Earlier last year, in anticipation of favorable legislation under a Republican administration, the consulting firm Korn Ferry (in an on-line Commentary dated June 11, 2017), in response to criticism that the gap between the compensation paid to top executives as opposed to “average workers” has risen over the past few decades, argued that most CEOs are not overpaid. Korn Ferry contends (1) that “a strong CEO can have a significant impact on growth” and hence is a key driver of “expanding shareholder value,” the prime responsibility of every for-profit Board of Directors; and (2) that the pool of “executives who can lead effectively at the highest level” is small, so CEO compensation must be competitive.
Korn Ferry also reported its finding that “two thirds of CEO compensation is composed of long-term incentives that pay out, on average, over a 3- to 10-year time frame” (emphasis supplied). This means that the (rare) do-nothing CEO, or one who doesn’t deliver results commensurate with the Board’s expectation of growth, is unlikely to be around for the length of time necessary to earn the largest portion of those significant pay emoluments proposed in the CEO’s carefully negotiated employment agreement. Although we have not replicated Korn Ferry’s empirical research, this latter point is certainly confirmed by our practical involvement in crafting and negotiating long-term and deferred compensation incentives for our clients in our work as executive compensation attorneys.
A similar public debate about the levels of CEO pay in the business world extends to the leaders of private institutions in higher education, another of our legal concentrations. An article in The New York Times from as recently as December 11, 2017, authored by Stephanie Saul, was headlined “Big Jump In Million Dollar Pay Packages for Private College Leaders,” and highlighted a rise in both average compensation as well as the number of private college and university presidents making more than $1 million per year.
The Times article went on to discuss the pay packages of a number of individual presidents, as well as the controversy over the size of such pay packages at a time of rising tuition costs, increasing student debt and the move to tax certain large university endowments, an idea which actually materialized in the recent Federal tax overhaul.
Of course, university and college presidents do not make the kind of money that the CEOs of large commercial corporations receive, and we have argued in an earlier post that the extraordinary demands placed upon today’s leaders in higher education more than justify their compensation.
The similarity — as the Times concedes — is that a significant portion of the compensation packages of top executives in higher education comes, as with business and financial CEOs, in the form of some type of deferred compensation. As such, it customarily requires the president to survive in his or her job for a meaningful number of years, thereby acting as a sort of “golden handcuffs” to tie a successful president to a single institution for as much as five to 10 years. This is a meaningful restriction on the mobility of a university president who may be in demand elsewhere, but is understandably hesitant to give up his or her deferred compensation package by “jumping ship” to go to a more challenging or enticing situation.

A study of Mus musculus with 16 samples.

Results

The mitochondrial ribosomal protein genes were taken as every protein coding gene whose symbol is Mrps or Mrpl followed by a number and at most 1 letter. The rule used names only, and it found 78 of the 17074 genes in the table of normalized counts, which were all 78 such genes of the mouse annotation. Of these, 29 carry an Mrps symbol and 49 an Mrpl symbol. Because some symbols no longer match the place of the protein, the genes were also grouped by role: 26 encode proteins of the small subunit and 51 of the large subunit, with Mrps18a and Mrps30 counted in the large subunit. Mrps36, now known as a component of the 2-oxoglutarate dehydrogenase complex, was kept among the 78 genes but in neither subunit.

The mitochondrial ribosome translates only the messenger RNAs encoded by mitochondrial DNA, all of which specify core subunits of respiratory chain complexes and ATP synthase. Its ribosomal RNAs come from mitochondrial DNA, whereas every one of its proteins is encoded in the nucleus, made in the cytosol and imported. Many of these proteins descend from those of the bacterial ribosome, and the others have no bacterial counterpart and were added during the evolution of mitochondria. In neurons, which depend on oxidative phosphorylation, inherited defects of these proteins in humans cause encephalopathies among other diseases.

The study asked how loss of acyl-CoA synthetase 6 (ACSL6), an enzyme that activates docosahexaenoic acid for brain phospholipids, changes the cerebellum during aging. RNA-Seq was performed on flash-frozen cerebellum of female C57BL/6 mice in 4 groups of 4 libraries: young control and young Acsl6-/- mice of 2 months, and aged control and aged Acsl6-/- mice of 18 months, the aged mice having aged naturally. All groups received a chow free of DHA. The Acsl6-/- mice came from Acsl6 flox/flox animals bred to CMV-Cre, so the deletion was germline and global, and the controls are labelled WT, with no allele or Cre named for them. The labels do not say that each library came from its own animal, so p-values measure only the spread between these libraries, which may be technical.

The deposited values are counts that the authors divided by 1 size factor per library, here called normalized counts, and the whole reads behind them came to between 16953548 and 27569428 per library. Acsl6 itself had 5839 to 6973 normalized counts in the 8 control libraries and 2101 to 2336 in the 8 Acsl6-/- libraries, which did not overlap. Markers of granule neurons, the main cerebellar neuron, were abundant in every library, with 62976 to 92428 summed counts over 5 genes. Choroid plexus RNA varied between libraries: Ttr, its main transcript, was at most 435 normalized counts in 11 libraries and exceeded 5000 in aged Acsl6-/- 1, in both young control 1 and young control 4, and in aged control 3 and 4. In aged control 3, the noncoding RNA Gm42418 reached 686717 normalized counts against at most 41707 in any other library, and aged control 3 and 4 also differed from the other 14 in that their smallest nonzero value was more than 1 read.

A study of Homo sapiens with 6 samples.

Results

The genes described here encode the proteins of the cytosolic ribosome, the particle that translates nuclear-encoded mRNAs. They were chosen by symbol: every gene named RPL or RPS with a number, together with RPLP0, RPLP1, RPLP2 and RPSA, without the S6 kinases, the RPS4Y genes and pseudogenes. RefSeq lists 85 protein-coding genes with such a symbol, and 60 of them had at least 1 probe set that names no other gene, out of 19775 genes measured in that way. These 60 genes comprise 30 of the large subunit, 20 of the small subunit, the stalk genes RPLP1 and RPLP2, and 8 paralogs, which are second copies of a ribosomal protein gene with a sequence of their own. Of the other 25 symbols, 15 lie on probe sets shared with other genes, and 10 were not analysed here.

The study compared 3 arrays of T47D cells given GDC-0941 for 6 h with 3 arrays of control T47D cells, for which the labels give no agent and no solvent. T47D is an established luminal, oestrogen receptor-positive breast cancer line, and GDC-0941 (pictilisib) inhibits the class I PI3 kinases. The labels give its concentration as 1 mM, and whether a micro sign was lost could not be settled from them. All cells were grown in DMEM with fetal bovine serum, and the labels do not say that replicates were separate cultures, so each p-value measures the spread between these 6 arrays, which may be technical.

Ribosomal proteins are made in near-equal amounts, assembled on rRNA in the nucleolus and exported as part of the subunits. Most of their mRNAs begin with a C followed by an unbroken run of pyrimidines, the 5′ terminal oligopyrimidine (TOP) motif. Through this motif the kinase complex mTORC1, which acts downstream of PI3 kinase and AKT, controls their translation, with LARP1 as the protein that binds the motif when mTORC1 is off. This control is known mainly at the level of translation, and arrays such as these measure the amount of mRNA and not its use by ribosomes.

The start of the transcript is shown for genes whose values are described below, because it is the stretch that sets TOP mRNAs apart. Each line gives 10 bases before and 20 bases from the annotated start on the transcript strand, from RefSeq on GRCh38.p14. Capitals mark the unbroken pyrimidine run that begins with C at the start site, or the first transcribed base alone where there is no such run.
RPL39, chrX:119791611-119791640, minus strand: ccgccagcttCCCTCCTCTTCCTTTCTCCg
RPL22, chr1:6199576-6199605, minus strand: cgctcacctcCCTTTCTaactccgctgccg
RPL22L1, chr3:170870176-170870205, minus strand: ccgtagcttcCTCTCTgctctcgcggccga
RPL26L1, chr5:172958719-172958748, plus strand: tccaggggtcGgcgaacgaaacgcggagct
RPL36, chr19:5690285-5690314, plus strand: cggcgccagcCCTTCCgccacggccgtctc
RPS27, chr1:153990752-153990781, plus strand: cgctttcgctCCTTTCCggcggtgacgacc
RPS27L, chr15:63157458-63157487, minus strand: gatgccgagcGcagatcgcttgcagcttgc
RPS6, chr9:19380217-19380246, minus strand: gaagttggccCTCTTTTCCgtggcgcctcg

As executive compensation attorneys, we confront these issues routinely both in higher education as well as in the for-profit worlds of business, finance and industry. How to structure a deferred compensation package so that it balances the legitimate needs of the institution with the needs of our presidential client? Should we allow the executive to be bound to a single situation because of the executive’s own success? Can we negotiate a “make-whole” arrangement with a prospective new employer which will compensate a CEO or a college or university president for his or her loss — triggered by leaving a current employer — of a large amount of unpaid (or unvested) deferred compensation? When is a sign-on bonus and, perhaps even more controversially, a performance bonus appropriate for a leader in higher education? How to add value to a presidential contract in academia without pushing base compensation — which is often set by comparison with peer institutions and, if unreasonably beyond the parameters of the pay accorded to the leaders of those peer institutions — beyond the Board’s comfort level? Each situation presents a unique problem demanding its own unique solution, which is what makes our legal practice so challenging.